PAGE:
P086: ANXIOLYSIS WITH INTERACTIVE ANESTHESIA VIDEO GAMES IN A VISUALLY IMPAIRED PATIENT: THE IMPORTANCE OF CONSIDERING ACCESSIBILITY IN PERIOPERATIVE IMMERSIVE TECHNOLOGIES.
Christina C Moore, MD; Catalina Coppola, MD; Vincent R Sferra; Alana Miro; Alecia Sabartinelli Stein, MD; Department of Pediatric Anesthesiology, University of Miami, Holtz Children's Hospital, Miami, FL
Introduction: Preoperative anxiety in children is associated with a higher incidence of postoperative delirium, pain, anxiety, and sleep disturbances.(1) Immersive technologies, including interactive video game projection through the Bedside Entertainment and Relaxation Theater (BERT), improve perioperative anxiety, induction times, and satisfaction scores.(2) We present a novel application in children with visual deficits, who have been previously excluded from other technology based anxiolytic techniques due to a presumed lack of feasibility.
Case Presentation: A 5-year-old male with right iris stromal cyst, corneal edema, photophobia, and decreased vision presented for exam under anesthesia (EUA). His parent reported anxiety and resistance to prior examinations, so we offered an interactive video game built on the BERT platform. He remained alert and anxious even after he received preoperative oral midazolam (0.5 mg/kg) and was brought to the OR with parental presence. A screen projected the “Sevo the Dragon” game (courtesy of CHARIOT Stanford), and he selected a dragon and food choice to be cooked by the dragon’s fire. While he eagerly held his facemask, he was prompted to breathe deeply and roar to trigger the dragon to breathe fire. During this time, sevoflurane was administered incrementally until unconsciousness was achieved in a smooth, uncomplicated fashion. After completion of the procedure, he was brought to recovery without evidence of delirium or need for postoperative analgesics or anxiolytics. On his subsequent visit to the OR for repeated EUA and surgical cyst excision, we successfully utilized this technology again, much to his enjoyment and the satisfaction of his father, who observed marked improvement in demeanor compared to past experiences.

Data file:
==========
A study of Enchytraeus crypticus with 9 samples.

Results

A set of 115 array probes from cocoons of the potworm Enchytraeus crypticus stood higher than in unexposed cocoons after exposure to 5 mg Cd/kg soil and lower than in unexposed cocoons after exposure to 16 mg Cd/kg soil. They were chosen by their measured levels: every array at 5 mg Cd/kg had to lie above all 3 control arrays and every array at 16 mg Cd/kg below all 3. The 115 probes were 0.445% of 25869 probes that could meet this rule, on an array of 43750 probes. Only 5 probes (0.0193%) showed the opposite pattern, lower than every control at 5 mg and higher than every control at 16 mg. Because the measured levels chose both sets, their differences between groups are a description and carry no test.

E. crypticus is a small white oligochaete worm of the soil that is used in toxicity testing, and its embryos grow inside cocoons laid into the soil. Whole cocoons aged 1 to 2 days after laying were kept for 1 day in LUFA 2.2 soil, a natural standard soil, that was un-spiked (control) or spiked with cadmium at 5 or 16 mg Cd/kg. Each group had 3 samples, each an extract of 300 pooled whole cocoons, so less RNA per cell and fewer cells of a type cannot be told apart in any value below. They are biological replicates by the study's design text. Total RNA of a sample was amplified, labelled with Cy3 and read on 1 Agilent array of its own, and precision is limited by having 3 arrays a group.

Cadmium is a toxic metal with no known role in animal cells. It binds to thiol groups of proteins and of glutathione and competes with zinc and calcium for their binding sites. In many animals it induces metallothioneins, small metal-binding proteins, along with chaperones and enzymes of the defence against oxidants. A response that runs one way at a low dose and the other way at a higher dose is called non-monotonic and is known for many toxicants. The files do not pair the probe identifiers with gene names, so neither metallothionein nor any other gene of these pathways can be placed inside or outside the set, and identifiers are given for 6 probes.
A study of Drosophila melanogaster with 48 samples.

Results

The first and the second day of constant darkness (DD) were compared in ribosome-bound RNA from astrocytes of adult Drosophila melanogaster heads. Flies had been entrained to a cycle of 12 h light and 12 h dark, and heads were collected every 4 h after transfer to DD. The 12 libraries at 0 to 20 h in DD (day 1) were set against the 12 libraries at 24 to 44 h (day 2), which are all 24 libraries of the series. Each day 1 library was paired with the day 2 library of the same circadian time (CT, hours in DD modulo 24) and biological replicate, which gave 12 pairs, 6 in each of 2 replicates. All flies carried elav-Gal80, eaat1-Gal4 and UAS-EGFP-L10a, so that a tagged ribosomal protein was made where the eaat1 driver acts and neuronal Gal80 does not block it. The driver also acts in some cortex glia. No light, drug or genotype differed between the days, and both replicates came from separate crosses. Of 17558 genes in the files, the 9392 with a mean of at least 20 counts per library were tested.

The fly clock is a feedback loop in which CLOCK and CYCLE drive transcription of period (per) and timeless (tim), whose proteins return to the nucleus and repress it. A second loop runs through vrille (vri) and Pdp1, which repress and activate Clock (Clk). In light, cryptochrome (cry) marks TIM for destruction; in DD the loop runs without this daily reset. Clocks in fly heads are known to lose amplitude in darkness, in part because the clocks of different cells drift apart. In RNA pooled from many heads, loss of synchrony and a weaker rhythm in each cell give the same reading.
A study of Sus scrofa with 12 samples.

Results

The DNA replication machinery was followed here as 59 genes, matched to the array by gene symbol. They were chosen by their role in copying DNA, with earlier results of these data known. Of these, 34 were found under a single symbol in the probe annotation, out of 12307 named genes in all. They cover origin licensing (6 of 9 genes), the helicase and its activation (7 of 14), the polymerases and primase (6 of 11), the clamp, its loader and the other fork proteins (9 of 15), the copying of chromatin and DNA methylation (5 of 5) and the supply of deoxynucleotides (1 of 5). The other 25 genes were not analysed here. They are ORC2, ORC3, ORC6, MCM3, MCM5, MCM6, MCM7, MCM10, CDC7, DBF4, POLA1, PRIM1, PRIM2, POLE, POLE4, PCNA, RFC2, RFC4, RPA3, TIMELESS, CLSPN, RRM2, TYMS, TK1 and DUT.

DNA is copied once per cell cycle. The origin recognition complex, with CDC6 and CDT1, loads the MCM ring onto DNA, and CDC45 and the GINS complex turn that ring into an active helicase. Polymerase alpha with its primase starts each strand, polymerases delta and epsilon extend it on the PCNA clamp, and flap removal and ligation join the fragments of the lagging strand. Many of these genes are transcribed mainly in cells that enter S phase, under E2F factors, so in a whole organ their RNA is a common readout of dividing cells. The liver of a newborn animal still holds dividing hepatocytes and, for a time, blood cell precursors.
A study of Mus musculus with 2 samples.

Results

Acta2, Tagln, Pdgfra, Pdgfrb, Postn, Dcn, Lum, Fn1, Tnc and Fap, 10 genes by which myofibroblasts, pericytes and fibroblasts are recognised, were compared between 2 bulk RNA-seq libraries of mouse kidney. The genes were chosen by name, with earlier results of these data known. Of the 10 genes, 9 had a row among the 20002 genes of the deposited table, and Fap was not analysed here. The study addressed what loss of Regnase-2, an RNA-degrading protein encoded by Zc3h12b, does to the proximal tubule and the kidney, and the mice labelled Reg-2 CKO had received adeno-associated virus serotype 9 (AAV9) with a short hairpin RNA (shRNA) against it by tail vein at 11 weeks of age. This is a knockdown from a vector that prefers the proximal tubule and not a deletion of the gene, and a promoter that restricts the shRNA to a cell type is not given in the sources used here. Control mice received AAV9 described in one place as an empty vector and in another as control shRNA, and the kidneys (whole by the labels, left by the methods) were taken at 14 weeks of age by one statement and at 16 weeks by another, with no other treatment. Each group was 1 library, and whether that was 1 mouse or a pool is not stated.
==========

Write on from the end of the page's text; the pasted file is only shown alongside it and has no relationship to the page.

Discussion: The use of interactive video games provides a non-pharmacologic option to improve the perioperative experience of children undergoing invasive procedures. (3)Pediatric populations with visual deficits are commonly excluded from technology based anxiolytics, presumably due to concerns of limited interaction and diminished benefit. In patients with visual deficits, the auditory, social, and tactile components of the experience are critical. Furthermore, patients with sensory deficits typically undergo repeated anesthetic exposures. These patients are thus at increased risk of developing perioperative anxiety and may significantly benefit from immersive technologies.
Conclusion: Our case describes two uses of an interactive video game utilizing BERT technology during mask induction of a patient with visual deficits. We have successfully used these technologies in numerous patients with visual deficits by focusing on the auditory, tactile, and social aspects of the game emphasizing the importance of considering accessibility when designing perioperative anxiolytic tools.
1.Kain, Z.N., et al., Preoperative anxiety, postoperative pain, and behavioral recovery in young children undergoing surgery. Pediatrics, 2006. 118(2): p. 651-8.
2.Caruso, T.J., et al., A Retrospective Review of a Bed-mounted Projection System for Managing Pediatric Preoperative Anxiety. Pediatr Qual Saf, 2018. 3(4): p. e087.
3.Kerimoglu, B., et al., Anesthesia induction using video glasses as a distraction tool for the management of preoperative anxiety in children. Anesth Analg, 2013. 117(6): p. 1373-9.